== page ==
My ‘managing emotions’ group looked at Mindfulness on Tuesday. It was the most in depth look I’ve had since I attended a course on it so I thought it would be useful to write about it.
Mindfulness means paying attention in a certain way, you do it on purpose, in the present moment and non-judgmentally.
- Becoming fully aware of your experiences
- Becoming more intentional
- Becoming more present
- Being fully awake and alive in your life
Like other things, it is a skill that needs to be learned and practised regularly to see the most benefits.
It can be difficult and will most likely be difficult when you first start as we’re so used to running on autopilot. How many of us walk into a room and then forget why we did so?
What exactly is mindfulness?
Mindfulness can be observing, describing or participating.
- Notice your body sensations
- lie on the ground and watch the clouds
- walk slowly and stop to notice the views
- People watch
- Notice facial expressions on people
- Pick up a pebble, leaf or flower and look closely at it
- Find something beautiful to look at and spend a few minutes contemplating it
- Listen to the sounds around you
- Listen to the pitch and quality of voices
- Listen to music, observing each note
- breath in and notice the smell of the room
- Smell the aroma of the food before you eat it
- eat a meal mindfully paying attention to the taste of each mouthful
- lick a lollipop and notice just the taste
- Notice the sensations of walking as your feet touch the ground
- Touch something like a pebble in detail, explore it with your hands and try placing it on different parts of your body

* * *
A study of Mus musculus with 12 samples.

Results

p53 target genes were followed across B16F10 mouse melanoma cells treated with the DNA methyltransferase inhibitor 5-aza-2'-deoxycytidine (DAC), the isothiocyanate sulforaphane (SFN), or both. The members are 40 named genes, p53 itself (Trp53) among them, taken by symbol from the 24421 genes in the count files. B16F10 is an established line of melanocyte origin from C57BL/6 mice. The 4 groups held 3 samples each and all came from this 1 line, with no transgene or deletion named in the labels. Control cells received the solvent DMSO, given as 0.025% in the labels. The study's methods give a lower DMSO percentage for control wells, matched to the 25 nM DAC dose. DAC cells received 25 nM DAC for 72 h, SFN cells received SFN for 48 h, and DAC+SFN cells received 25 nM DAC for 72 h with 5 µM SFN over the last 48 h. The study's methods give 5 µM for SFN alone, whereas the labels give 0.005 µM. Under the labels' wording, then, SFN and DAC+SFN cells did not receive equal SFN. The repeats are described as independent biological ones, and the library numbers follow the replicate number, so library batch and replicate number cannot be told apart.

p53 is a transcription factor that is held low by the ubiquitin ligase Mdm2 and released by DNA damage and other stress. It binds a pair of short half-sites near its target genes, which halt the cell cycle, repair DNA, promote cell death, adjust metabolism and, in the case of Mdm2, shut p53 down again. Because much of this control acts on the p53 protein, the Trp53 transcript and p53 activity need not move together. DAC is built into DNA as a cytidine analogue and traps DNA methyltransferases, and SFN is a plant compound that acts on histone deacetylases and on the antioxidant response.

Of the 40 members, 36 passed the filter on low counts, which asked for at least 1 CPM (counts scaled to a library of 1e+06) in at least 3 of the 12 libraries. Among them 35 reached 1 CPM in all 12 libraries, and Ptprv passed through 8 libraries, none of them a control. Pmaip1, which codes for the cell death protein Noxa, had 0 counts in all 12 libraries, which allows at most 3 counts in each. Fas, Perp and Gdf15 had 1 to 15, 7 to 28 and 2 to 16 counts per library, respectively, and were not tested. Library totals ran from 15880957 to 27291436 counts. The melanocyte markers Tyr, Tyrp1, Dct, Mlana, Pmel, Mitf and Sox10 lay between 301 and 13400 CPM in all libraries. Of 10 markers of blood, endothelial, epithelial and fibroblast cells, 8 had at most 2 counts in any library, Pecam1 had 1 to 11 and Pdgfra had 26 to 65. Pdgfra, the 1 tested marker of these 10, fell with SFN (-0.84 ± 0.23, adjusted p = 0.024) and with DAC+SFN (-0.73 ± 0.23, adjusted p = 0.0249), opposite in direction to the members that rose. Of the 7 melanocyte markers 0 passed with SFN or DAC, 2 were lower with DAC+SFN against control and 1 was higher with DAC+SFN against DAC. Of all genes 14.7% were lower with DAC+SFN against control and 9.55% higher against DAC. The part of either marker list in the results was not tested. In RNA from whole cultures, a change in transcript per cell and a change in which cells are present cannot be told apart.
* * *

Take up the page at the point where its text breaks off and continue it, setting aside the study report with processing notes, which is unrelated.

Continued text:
- Pay attention on purpose to the present moment
- Control your attention
- Observe urges to do things
- Observe thoughts coming in and out of your mind
- Imagine your mind is a conveyor belt and the thoughts are coming along it
- Practice wordless watching – watch thoughts come into and leave your mind as clouds
- Observe both inside and outside yourself
- Observe your breath:
- How your stomach moves
- The pauses in your breathing
- The sensations in your nose
- Observe your breath:
- Put words on experiences – describe in as much detail as possible
- Label what you observe
- Describe the who, what, when and where just the facts
- Remember if you can’t observe it through your senses you can’t describe it
- Throw yourself completely into an activity
- Become one with whatever you are doing
- Act intuitively
- Go with the flow
- Dance to music
- Sing along to music
- Sing in the shower
- Go running, focus only on running
- Take a new class
How to practice mindfulness:
- See what is actually there, not shoulds or musts
- Simply accept your emotions
- Don’t be too hard on yourself
- Focus on ONE activity, thought or feeling
- Consider how you want to change and make specific goals
- Focus on your current situation, not what might happens
- Try to resist acting impulsively.
I hope this is of some help to someone.